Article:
By Amy Silverman
By Olivia LaVecchia
By Monica Alonzo and Stephen Lemons
By Chris Parker
By Michael Lacey
By Weston Phippen
Delay of game during a football contest is a minor penalty -- merely a five-yard infraction.
Further delay in building the Arizona Cardinals' proposed $331 million "multipurpose facility" is far more serious.
And that's what looms on the horizon.
Weeks and possibly months of delay. If construction doesn't begin by October 1, the entire project could be in jeopardy as construction costs mount in the face of a project that's supposed to have a fixed cost of $331 million.
The latest hurdle facing the stalled project -- already a month behind schedule -- came Friday when West Valley developer John F. Long asked Attorney General Janet Napolitano to investigate the stadium financing and site selection process. As of presstime, Napolitano had not responded to Long's request, but did say in a radio interview late last week that she and her staff first must determine if it is a matter for the Attorney General or the courts.
Long is promising to file a lawsuit seeking to stop funding of the stadium if Napolitano doesn't investigate. He's also supporting a proposal to launch a citizens' initiative drive to strip the Arizona Tourism and Sports Authority's power to fund the stadium.
"It is my opinion that the selection of the Tempe site and expenditures made by the TSA have violated state statute," Long says.
Long's saber-rattling comes at the same time a New Times investigation of the stadium project has uncovered numerous problems on several fronts. These include:
The cost of building the stadium -- which voters were told would not exceed $331 million -- is now expected to increase sharply because designers failed to incorporate convention center uses as required by Proposition 302. Even at this late date, the final design of the stadium is not complete and the promised "guaranteed maximum price" contract to build the facility has not been signed. One estimate of the stadium's eventual cost is $360 million.
City of Tempe officials deceived the public when they said last February the city could finance approximately $23 million worth of infrastructure improvements for the stadium site at no cost to Tempe taxpayers through a complex repayment schedule.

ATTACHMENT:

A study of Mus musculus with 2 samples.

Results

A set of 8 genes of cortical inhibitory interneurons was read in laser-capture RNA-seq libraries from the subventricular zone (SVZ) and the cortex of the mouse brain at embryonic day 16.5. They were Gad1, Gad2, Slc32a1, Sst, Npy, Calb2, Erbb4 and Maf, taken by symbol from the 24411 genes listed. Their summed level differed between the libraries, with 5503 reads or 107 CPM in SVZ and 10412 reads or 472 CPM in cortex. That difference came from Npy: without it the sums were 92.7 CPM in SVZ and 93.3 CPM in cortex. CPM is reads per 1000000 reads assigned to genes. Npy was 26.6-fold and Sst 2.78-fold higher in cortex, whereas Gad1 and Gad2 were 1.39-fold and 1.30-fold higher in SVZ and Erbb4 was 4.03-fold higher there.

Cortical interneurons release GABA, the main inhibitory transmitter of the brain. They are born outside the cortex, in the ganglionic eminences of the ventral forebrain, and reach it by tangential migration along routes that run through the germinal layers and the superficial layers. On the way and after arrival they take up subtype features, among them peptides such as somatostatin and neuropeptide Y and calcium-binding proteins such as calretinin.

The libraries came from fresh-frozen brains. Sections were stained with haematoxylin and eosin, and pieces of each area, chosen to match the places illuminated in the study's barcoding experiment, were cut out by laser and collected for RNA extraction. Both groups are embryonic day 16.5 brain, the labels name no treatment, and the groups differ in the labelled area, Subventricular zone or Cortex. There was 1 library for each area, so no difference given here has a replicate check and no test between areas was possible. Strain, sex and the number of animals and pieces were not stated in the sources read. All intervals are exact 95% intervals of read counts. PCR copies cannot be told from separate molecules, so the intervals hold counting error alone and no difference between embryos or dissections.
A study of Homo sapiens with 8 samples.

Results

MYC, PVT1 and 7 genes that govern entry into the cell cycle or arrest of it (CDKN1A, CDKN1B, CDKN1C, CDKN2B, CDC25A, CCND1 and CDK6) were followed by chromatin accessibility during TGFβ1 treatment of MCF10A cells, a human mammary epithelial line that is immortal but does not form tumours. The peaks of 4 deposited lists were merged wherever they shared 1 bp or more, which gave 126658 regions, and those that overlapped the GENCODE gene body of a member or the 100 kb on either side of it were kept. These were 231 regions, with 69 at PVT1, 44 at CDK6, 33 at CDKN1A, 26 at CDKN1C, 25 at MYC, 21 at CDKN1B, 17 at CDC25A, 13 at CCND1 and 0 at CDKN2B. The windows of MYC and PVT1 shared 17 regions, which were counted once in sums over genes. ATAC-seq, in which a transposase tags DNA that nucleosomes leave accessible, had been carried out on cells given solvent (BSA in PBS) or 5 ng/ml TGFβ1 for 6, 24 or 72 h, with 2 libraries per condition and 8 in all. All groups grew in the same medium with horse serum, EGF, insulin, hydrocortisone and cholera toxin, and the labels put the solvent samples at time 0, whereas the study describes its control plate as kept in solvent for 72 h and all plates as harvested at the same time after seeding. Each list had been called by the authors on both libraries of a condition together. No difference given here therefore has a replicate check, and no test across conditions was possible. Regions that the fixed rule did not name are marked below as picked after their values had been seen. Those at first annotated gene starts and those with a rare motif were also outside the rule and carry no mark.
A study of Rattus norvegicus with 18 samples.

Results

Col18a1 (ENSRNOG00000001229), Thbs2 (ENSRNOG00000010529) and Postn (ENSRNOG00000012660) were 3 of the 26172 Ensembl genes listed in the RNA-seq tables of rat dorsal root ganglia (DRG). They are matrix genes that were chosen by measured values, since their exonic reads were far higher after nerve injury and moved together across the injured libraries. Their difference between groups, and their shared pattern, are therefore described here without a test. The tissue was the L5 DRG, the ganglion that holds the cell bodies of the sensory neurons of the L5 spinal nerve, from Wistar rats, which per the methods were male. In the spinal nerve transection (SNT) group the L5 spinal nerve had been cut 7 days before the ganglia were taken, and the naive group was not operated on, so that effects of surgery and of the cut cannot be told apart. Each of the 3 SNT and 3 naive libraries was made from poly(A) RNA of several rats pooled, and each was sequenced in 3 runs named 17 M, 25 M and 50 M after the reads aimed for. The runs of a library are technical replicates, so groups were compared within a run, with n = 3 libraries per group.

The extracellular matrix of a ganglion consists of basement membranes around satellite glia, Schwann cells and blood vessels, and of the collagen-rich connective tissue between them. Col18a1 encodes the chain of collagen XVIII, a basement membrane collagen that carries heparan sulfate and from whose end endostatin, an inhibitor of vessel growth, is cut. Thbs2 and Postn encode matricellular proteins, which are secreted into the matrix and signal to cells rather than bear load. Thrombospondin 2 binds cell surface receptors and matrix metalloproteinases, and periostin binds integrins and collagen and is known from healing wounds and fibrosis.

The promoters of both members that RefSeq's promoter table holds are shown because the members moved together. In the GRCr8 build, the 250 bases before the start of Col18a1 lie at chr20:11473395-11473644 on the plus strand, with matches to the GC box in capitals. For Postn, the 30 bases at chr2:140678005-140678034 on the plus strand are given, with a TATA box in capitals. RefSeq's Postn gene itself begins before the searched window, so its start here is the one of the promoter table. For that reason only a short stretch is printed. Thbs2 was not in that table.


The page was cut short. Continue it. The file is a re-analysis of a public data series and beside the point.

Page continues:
Tempe intends to exempt the stadium from city zoning regulations, bypassing the need for public hearings and a possible referendum, which zoning attorneys say could open the door for another lawsuit. Bank One Ballpark, America West Arena, and Veterans Memorial Coliseum are all subject to City of Phoenix zoning regulations.
Tempe plans to grant the Arizona Cardinals millions of dollars worth of property tax abatements on at least 37.5 acres adjacent to the stadium controlled by the team's owners, B&B Holdings. The Cardinals plan to develop a hotel, restaurants, retail and office space adjacent to the stadium.
Tempe and Salt River Project worked together to keep the Priest Drive and Washington Street location in the background until after voters approved Proposition 302. Long alleges this was an illegal bait-and-switch.
It would be a mistake to dismiss Long's threat as mere rhetoric. The developer has a long history of tackling legal issues on principle and has the money to mount an aggressive legal attack. For example, Long spent about $1 million in a four-year battle with the City of Phoenix over the sale of effluent to the Palo Verde Nuclear Generating Station.
"He's probably one of the few civic-minded people with financial resources to do this," says Jim Miller, a longtime executive in Long's development company.
The mere threat of Long's lawsuit and his call for an initiative drive, coupled with a possible investigation by the state attorney general, makes it very risky for the Tourism and Sports Authority to sell revenue bonds needed to finance construction of the stadium, experts say.
Until this issue is resolved, construction will very likely be stalled. No bonds, no money, no stadium. The longer construction is delayed, the less likely the stadium will be completed for what the public was promised -- $331 million, and it's not clear who would pay for any cost overruns.
"This thing is on a tightrope and I believe it could fall off at any time," says Tempe City Councilman Dennis Cahill. "There's a lot of things that are uncertain."
To see what can happen when disgruntled citizens file lawsuits to block funding of stadium projects, just take a look at San Diego. The San Diego Padres were forced to stop construction last October on their new baseball stadium after a barrage of legal action halted bond sales financing the project.
Tourism and Sports Authority board member Roc Arnett says the stadium was headed to the West Valley until the Cardinals advanced Tempe $18 million to bolster Tempe's financing plan just two days before the authority made its site selection February 13.
The Cardinals' cash was enough to push Tempe over the top as the Tourism and Sports Authority voted 7-2 to place the stadium in Tempe.
Why did the Cardinals want to be in Tempe so bad?
The team isn't talking, but here's one likely reason:
The Cardinals control lucrative development rights adjacent to the stadium if it is built in Tempe. Development rights at the west Valley site would have been retained by John F. Long's real estate development company.